Sex assaults on under-18s almost double since 2011
Sexual assaults on boys and girls under 18 have almost doubled since 2011 in Northern Ireland.
The police figures also show that more than half of all reported sexual assaults in NI last year were carried out on girls under the age of 18.
So why are children still so vulnerable to sexual predators? The police believe social media is playing a part.
"Children are more accessible these days," explained PSNI Det Supt Deirdre Bones.
"Parents would not open their door and let a stranger walk straight up the stairs and into their children's bedroom and, to me, social media can be like that.
"You don't know who your child is befriending - a child could accept a friend request from somebody who may be a lot older and from a different country in the world.
Sexual assaults on girls under 13 increased from 181 five years ago, to 345 last year.
There were less than 62 reported cases of sexual activity with boys and girls in 2011, rising to 220 in the same five-year period.
"We are also seeing much more footage online and we are looking at people's phones and tablets and other devices as part of our investigations."
BBC News NI spoke to a group of sixth form students from Ashfield Girls' High School in Belfast about their experiences and the results were startling.
All of them had suffered some form of sexual harassment or assault in nightclubs or out walking with friends.
Some of the students also experienced harassment online.
Emma Dallas said: "I was really surprised to find all these message requests from loads of people who I have never met before.
"They said things like: 'Can I meet you in person?'
"I wouldn't have a clue who they are so I would just block them so that they could never get in contact with me."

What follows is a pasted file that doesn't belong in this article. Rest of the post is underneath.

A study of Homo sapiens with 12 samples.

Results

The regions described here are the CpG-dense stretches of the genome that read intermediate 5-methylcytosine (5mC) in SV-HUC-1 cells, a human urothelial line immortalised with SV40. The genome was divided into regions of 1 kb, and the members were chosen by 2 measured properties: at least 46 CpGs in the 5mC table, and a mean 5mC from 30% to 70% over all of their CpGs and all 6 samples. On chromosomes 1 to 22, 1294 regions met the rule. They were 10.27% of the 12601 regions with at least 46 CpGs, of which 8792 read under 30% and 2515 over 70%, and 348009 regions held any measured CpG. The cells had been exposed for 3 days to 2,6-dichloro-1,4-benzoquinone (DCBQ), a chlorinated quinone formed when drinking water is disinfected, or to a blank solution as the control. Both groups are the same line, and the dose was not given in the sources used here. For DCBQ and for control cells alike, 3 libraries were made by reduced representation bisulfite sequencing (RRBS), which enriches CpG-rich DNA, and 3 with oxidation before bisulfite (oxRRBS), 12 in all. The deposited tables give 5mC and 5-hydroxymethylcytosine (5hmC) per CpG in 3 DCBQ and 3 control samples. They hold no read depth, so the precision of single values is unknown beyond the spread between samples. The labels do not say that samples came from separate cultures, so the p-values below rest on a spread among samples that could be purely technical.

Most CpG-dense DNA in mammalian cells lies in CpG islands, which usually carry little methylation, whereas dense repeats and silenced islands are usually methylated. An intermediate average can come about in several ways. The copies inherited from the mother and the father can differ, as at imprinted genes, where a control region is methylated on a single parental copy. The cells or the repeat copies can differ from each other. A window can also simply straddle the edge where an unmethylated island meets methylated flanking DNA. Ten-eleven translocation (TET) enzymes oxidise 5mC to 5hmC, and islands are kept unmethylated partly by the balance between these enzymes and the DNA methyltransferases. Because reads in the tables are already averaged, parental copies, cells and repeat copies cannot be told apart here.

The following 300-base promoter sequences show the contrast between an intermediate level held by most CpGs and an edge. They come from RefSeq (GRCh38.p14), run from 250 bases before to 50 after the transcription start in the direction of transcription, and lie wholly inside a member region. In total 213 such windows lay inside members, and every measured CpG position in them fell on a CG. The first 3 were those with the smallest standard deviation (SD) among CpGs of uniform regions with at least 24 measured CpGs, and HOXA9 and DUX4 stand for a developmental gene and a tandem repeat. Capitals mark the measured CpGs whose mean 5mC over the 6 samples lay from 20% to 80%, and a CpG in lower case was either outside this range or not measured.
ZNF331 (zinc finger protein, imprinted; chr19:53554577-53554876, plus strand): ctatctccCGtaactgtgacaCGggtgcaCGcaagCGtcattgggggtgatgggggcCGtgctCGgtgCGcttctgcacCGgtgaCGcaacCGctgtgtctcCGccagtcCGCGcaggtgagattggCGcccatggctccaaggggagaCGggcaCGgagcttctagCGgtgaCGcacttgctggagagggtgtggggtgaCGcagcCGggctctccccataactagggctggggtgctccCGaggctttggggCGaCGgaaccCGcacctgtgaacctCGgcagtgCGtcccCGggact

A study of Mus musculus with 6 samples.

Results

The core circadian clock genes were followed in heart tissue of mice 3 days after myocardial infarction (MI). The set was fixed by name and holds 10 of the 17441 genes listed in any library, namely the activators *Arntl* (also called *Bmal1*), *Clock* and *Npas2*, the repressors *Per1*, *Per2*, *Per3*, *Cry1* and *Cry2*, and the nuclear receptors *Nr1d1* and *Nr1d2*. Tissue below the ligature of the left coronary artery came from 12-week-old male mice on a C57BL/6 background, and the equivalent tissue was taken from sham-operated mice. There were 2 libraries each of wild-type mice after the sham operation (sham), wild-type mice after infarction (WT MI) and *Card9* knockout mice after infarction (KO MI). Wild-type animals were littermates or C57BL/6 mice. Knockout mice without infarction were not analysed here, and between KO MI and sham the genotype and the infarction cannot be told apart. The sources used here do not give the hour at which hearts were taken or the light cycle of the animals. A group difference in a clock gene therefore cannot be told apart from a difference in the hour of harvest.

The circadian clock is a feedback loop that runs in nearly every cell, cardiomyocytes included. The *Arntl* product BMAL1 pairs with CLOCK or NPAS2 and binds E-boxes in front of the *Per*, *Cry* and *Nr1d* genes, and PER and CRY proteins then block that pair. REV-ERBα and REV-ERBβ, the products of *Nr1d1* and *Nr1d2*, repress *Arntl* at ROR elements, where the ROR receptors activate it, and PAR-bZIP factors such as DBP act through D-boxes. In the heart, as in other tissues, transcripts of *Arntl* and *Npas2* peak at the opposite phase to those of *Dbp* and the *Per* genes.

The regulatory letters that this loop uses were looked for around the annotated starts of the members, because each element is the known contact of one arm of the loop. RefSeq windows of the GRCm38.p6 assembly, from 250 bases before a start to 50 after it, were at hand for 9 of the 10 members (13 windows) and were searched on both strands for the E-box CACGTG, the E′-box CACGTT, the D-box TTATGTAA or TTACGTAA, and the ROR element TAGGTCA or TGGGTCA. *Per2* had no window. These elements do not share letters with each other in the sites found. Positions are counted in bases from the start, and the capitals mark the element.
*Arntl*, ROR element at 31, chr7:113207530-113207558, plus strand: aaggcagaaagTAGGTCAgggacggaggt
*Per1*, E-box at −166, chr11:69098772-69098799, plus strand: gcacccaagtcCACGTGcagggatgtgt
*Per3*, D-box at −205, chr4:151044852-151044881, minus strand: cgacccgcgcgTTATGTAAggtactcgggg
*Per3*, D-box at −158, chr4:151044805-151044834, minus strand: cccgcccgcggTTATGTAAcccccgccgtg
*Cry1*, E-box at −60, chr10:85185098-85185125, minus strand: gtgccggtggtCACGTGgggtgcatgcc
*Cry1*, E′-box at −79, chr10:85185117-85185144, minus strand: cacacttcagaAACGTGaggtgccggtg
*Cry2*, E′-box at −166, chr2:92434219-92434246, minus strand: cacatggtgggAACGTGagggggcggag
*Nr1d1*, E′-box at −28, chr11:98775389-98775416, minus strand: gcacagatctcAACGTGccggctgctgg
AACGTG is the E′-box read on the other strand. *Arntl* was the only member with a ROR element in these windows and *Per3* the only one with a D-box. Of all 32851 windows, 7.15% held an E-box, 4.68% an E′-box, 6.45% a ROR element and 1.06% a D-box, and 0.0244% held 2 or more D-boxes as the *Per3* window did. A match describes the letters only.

The students we spoke to all have strict privacy settings and appear pretty clued-in when it comes to social media. But their descriptions of nights out were surprising.
Gina Harrington recalled a recent incident at a nightclub: "I was groped from behind and in front and it was extremely uncomfortable, but I removed myself from the situation immediately and I had my friends with me and they all took me away.
"I didn't even tell my parents because I was uncomfortable talking to them about it."
The men who normally behave this way are older, in Chloe Allen's experience.
"They're the age of my dad and they're rarely sober. And they're not very stable when they come up to you and grab you. It's a bit scary when you're trying to get away from them.
"I think older men see young girls as an easy target because they're not as emotionally mature and not as confident in turning people away."
Britany Alexander was 13 when a man in a car tried to pull her and a friend into his vehicle.
"He asked for directions and then said he didn't understand and told us to get in and show him. He was getting more and more aggressive.
"Our instinct was to run away. Looking back on it, I don't think about it every day but it does make you anxious when you're out."
Emma McCoy had a similar experience when she was 13.
"This man approached us in the street and kept trying to touch my friend. He was my dad's age and he wasn't aggressive but he was really forward and I think if I had been on my own I would have been much more scared."
With the exception of one incident, none of the girls reported any of the things that happened to them.
"Sadly I'm not surprised," said Cara Cash, chief executive of the counselling charity Nexus.
"Nexus see victims of sexual violence every day and we know these things are happening. I think the thing that is sad is that none of the young people who've spoken have ever told anybody."
Student Emma Dallas says the current debate about sexual assault and sexual harassment gives her confidence about the future.
"With the women and men coming out now, I would hope that it will be easier for women of our generation to speak out if anything happened to us."
You can see more on this story on BBC Newsline at 18:30 GMT on Wednesday.